When it comes time to shop for combination USB and outlet multipliers, there are many options ranging from plug-in wall warts to traditional power bars with USB ports wedged in somewhere. Philips’ $12 SPS8038B features a three-foot cord, three outlets on its front ledge, two USB ports with a combined output of up to 2.1A on its left side, and a sliding tray to hold devices on its back. Or should it be the other way around with the cord exiting through the back? It’ll ultimately depend on location and preferred use.
Want to bet that the “transformer-spaced” outlet is cheating you out of a fourth outlet (present internally, but missing the external holes) to spare you from feeling like you cheated yourself out of a fourth outlet by plugging in an oversized adapter?
The box’s front does a good job of illustrating a typical use case, with one device lying in the tray and connected for charging. Warranty and warnings populate the left side, while the right features another tray demonstration using a tablet instead. As is often the case, the back side goes more in-depth into the device’s features, including the USB adapter component’s 2.1A output rating I would have expected to see up front.
None of the sides actually mention the USB adapter’s complete electrical specifications, which is a significant omission.
What’s in the box other than the desktop adapter-extension combination unit? Only the manual, which rehashes what you would already know from the box art alone.
If you were hoping to find the USB adapter’s electrical input ratings printed somewhere inside, prepare for disappointment. Whereas the box at least mentions the power extensions’ 125V, 15A rating, the manual makes no mention of any electrical ratings whatsoever. The USB adapter’s AC power draw is omitted from all documentation.
There's no attempt at originality in this department; you get the most typical straight NEMA 5-15P grounded AC plug. That's not necessarily a bad thing, since angled plugs often aren’t in the most desirable orientation for a given situation. On the plus side, there is no shortage of multi-tap adapters that let you redirect plugs when it's necessary, and straight plugs usually work best with those.
Philips didn't mess around in the power cord department with its 3x2.08mm2 (#14) cable. Between this, the housing’s complexity, its dimensions, the SPS8038B's power bar function, and its built-in gimmicky tray, we have to wonder how much budget was left for implementing the USB adapter function itself. After all, the least expensive good-quality adapter I've tested sold for $10.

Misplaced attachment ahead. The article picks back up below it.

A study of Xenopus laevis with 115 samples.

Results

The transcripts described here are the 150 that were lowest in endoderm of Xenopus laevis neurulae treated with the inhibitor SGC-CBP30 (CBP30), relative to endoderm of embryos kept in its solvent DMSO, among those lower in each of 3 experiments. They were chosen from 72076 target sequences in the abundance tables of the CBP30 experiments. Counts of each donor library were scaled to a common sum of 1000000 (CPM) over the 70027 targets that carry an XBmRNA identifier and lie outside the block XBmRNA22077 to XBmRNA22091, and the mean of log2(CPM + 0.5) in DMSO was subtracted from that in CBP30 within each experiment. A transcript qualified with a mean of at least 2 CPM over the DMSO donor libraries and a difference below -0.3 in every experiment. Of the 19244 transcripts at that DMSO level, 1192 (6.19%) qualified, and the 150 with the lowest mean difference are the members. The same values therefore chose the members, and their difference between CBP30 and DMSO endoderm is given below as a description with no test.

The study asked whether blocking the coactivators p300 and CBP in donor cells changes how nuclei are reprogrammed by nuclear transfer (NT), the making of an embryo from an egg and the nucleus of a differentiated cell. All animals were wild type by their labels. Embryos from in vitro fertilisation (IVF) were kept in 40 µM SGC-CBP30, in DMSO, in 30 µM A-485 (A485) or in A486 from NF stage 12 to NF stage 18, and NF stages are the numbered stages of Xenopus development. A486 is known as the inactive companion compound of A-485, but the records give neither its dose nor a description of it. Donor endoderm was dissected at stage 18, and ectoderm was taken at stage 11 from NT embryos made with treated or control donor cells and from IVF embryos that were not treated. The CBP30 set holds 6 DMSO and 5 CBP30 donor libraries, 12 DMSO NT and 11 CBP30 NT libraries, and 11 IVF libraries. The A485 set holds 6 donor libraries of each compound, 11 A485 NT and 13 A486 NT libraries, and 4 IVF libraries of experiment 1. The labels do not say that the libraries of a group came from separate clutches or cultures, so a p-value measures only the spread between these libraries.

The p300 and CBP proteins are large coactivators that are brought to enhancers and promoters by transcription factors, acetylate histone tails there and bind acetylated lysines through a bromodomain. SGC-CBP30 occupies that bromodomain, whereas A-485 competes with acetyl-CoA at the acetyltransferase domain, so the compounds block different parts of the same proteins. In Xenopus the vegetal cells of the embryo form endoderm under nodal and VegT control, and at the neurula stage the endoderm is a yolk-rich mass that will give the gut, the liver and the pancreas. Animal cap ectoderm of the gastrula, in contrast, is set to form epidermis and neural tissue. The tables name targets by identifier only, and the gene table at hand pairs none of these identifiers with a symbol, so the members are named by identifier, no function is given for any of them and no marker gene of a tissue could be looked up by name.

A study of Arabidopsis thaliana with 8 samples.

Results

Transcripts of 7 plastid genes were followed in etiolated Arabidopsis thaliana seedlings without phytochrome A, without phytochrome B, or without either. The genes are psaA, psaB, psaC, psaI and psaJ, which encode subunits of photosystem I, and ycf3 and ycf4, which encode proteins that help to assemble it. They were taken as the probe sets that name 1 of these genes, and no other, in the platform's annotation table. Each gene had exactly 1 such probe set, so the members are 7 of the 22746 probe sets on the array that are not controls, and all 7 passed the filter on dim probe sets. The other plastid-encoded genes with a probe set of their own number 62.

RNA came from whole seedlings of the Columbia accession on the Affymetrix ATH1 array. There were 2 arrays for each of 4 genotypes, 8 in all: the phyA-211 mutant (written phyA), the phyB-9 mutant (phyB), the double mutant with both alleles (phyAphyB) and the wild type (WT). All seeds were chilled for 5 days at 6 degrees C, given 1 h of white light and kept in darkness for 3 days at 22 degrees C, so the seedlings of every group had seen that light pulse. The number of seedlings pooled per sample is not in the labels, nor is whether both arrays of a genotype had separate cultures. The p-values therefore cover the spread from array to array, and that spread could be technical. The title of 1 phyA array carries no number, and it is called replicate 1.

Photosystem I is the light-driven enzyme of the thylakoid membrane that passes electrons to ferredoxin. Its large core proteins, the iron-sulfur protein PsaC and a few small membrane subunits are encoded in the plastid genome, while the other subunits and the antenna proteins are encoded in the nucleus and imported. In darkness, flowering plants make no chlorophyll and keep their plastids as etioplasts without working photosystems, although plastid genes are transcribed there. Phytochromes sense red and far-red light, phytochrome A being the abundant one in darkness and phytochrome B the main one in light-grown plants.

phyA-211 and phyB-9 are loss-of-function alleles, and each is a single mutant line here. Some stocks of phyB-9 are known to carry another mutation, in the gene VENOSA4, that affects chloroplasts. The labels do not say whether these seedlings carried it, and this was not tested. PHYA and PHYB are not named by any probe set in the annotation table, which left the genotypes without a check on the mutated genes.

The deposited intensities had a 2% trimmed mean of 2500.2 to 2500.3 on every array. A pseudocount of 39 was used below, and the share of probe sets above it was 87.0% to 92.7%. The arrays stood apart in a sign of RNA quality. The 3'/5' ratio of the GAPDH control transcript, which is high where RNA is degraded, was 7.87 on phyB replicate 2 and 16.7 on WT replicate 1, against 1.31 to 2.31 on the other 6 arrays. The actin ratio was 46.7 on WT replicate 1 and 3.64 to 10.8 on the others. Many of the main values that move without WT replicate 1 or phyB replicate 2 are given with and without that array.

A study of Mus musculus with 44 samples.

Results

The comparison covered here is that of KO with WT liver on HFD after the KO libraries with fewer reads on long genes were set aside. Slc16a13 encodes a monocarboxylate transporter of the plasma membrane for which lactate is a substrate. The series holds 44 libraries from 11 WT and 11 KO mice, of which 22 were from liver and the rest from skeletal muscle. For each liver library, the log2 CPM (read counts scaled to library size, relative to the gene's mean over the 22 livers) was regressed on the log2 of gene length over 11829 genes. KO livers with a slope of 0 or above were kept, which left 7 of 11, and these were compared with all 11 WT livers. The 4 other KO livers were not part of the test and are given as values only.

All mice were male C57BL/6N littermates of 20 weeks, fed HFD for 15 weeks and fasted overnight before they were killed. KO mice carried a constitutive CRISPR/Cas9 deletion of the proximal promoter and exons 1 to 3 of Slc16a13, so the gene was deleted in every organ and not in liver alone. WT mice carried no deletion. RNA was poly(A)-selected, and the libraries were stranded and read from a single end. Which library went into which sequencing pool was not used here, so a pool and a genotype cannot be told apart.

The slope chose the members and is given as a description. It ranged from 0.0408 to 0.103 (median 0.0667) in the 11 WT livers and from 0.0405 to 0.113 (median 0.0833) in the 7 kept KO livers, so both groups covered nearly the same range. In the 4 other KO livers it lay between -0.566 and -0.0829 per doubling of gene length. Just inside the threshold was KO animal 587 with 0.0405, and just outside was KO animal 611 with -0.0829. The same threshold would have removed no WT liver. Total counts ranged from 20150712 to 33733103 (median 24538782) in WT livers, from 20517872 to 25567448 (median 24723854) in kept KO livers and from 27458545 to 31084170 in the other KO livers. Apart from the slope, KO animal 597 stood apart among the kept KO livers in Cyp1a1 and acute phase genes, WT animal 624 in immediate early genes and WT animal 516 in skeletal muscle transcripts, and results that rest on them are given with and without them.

From the side where the two USB ports reside we can see that the enclosure is made of four major parts: the L-shaped main body that includes the horizontal outlet holes and inner vertical wall, the bottom cover blocking access to the back of the outlets, the rear cover over the USB adapter (doubling as the rest surface for whatever you put on the tray), and the tray itself.
Whether you call it the front or back, this is where you’ll find the holding tray for any slab-style device you want to stash as it charges. For the less technically inclined, it could also be used to hold paper notepads, envelopes, and clipboards!
On the bottom, we find four rubber feet to help the unit stay put, an electrical specifications and warnings label stuck on the tray, what appears to be date code dials, and the UL sticker.
The tray is retained by two screws hidden under the fake feet flanking the label, along with guides along the left and right edges. A plastic tongue with a bump under it provides some detent action, requiring deliberate force to adjust the tray’s position so it does not open or close on its own.
Unlike the packaging's 125V rating, the on-product label only claims 120V. Strangely enough, its E87630 listing for UL1363 (relocatable power tap) actually does not include the SPS8038B and should actually have included UL/CSA/IEC 60950 (information technology equipment) due to the USB AC adapter function. Something seems amiss.
In case you lose the label or spill solvent onto it, warnings are duplicated directly into the tray molding. Based on the date code dials, my unit’s housing was made on 2012-02-05, nearly four and a half years before I bought it. Apparently, this isn't a best-seller.
Injection molding involves clamping two or more dies together to form the outer and inner faces. When a piece calls for additional internal details, such as blind holes to hide the screws, inserts must be added to the molds to create those off-axis details, contributing mechanical complexity and cost. Is the extra trouble really worth hiding the screws in a closed position? Possibly, if it is intended to reduce the likelihood of pinching skin while opening the tray.
Slide guides, internal retention clips, and a handful of other internal structures are also molded in a way that requires inserts. Philips seems to love complex tooling.
Another One Of ‘Those’
Do you recognize this screw head type? It is our friend, the not-really-tamper-resistant flat-head screw, designed to go in easy (apart from the cursing often accompanying flat-heads) but hypothetically difficult to back out. Threaded into plastic, where limited torque can be applied before stripping the holes, these are easily defeated by a sharp flat screwdriver bit to bite into the ramp while applying sufficient pressure to prevent the bit from slipping.
In the end, this "security" screw failed to delay its removal in any meaningful manner. The first screwdriver I found that fit in the hole had no trouble backing the screw out.